Basically just as you would any other NTRIP Caster.
If terms like Caster, Client, and Server are still strange, read about them here.
Most RTKLIB users employ the STRSVR tool to simply send data to the SNIP node using the “NTRIP Server Options” setting. The same basic dialog (shown at right) is used in several places in the RTKLIB tools when you select NTRIP Client as the sending method in the drop down combos. [The parent menu item should say NTRIP Server, a mistake in RTKLIB]
Make sure that the SNIP Push stream password matches what is set on the Pushed Streams setup dialog, that SNIP is set to accept PUSH connections, and that the IP address where SNIP can be found is accessible from where the RTKLIB tools are running. Select a mountPt (Mountpoint) you think will be easy to remember (SNIP will ensure it is unique and will add a number to it if there is a conflict).
When the RTKLIB tool connects to SNIP as an NTRIP Server you will see a short note in the console, if you have set the console Log Threshold to display minor events.
If you are sending RTCM3 type messages, SNIP will parse that data stream, align the messages while removing any non- message content, and send it out. You may want to view a simplistic navigation solution, if you also have an orbital stream running in SNIP. Simply right click on the push stream tab and select Graphical Views from the pop-up menu. Various ways to examine your data stream are covered further in this article.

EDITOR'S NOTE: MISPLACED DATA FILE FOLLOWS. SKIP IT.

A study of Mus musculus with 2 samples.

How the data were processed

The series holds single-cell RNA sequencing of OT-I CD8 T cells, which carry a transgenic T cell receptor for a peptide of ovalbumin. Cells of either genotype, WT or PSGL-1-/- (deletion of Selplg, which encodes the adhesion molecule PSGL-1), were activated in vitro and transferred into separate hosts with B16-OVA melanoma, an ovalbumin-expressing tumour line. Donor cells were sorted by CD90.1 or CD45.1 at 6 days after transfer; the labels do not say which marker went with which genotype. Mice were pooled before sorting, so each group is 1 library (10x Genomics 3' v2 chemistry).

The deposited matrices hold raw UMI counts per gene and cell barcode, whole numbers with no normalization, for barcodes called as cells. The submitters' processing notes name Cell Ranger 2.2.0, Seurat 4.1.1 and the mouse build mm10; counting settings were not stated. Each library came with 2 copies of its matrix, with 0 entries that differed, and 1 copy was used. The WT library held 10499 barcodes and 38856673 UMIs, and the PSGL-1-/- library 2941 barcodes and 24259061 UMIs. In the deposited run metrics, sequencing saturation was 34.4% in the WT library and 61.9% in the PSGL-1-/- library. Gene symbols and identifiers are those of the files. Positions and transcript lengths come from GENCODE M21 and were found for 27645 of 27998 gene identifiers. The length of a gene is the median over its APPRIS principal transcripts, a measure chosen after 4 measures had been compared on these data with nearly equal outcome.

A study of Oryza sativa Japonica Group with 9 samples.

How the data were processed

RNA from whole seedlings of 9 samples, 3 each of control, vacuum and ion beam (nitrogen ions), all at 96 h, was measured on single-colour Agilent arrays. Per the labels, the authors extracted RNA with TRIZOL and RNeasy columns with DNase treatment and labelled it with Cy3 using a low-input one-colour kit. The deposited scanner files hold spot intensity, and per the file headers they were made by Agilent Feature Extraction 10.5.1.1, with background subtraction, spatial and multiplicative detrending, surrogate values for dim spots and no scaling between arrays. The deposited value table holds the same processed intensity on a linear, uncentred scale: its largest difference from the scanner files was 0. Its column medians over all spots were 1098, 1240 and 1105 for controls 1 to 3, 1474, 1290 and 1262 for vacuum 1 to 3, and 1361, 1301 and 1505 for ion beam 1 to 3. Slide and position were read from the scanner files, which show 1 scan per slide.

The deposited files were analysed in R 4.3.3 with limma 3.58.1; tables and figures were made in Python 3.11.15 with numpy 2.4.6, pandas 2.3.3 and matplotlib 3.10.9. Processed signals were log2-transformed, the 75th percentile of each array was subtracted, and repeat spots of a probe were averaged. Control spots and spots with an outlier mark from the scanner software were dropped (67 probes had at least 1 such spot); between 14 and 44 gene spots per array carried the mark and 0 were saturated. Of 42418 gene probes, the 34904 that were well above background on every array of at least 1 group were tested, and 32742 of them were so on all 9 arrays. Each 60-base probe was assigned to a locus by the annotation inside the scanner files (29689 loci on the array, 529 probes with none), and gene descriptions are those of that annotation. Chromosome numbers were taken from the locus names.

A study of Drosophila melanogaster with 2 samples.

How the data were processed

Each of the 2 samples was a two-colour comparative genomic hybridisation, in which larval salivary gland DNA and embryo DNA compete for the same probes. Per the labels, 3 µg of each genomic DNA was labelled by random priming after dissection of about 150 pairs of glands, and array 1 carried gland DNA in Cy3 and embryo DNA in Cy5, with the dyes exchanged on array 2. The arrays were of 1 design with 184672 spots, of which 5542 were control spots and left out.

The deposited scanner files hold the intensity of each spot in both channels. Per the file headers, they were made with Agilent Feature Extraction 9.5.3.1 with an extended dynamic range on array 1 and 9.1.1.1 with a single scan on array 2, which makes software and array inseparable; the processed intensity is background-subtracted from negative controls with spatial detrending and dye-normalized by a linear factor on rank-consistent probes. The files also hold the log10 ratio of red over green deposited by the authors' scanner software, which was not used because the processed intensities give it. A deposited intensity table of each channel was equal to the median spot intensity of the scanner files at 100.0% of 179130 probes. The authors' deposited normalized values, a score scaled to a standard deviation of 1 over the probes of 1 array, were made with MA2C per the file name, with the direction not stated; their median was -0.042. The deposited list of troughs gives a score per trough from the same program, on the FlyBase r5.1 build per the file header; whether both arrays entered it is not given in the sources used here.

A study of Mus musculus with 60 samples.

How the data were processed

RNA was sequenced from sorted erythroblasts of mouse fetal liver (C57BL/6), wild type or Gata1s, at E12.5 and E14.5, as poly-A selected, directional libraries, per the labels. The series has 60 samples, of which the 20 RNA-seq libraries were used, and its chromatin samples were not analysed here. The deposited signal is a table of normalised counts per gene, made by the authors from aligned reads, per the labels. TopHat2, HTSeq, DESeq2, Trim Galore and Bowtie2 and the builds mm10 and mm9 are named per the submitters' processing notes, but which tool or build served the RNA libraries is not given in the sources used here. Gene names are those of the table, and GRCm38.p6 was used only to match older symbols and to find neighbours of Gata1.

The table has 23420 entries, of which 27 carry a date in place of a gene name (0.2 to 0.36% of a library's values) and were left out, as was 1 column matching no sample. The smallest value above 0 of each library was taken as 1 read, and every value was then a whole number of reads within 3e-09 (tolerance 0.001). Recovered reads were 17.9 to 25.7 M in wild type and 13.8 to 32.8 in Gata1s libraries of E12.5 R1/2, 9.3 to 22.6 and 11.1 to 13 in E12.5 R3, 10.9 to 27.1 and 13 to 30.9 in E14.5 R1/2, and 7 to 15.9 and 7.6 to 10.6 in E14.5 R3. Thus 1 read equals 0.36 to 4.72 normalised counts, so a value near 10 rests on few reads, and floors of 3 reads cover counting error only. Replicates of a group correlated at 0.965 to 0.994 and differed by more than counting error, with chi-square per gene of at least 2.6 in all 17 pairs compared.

If you are NOT sending RTCM3 type messages, please UN-select the PARSE menu item in the the pop-up menu. This will cause SNIP to run this streaming a “bent pipe” mode where all data (in this case the uBlox raw message and anything else you are sending) will be sent to all clients. This mode of operation has certain advantages when the raw Doppler signal is desired. You can easily determine what message content a stream has by using the Show Message Types menu item in the the pop-up menu.
As your clients connect, the data display for this stream will show the current and total client counts as well as the data received (input) and served (output). By default SNIP will also keep a long term log file of this stream (this is controllable with the right-click options).
Another hint: If you press the List MountPts button (present on several tabs) you will see a short list with all your current data streams. Any remote casters that are offline are noted as well as for how long.
This article has shown how to setup the GNSS device (often a uBlox) using RTKLIB as in intermediary to connect over TCP/IP to SNIP as a proper NTRIP Caster. Another way to solve the same problem is to connect the device to SNIP by means of a serial port. This article shows the details of how to do that for uBlox/RTLIB (or for any other serial GNSS device).
Useful Tip: SNIP saves stream data files in the format they arrive in, typically RTCM 3.x data stream. But often there is a need to convert such a stream to RINEX for further and post processing. The RTKLIB tool called RTKCONV can be used to easily convert various common formats (including many vendor proprietary ones) to RINEX in version 2.x or version 3.x formats (version 2.1 remains the most popular choice at this time).
You can always obtain the most current release of SNIP here.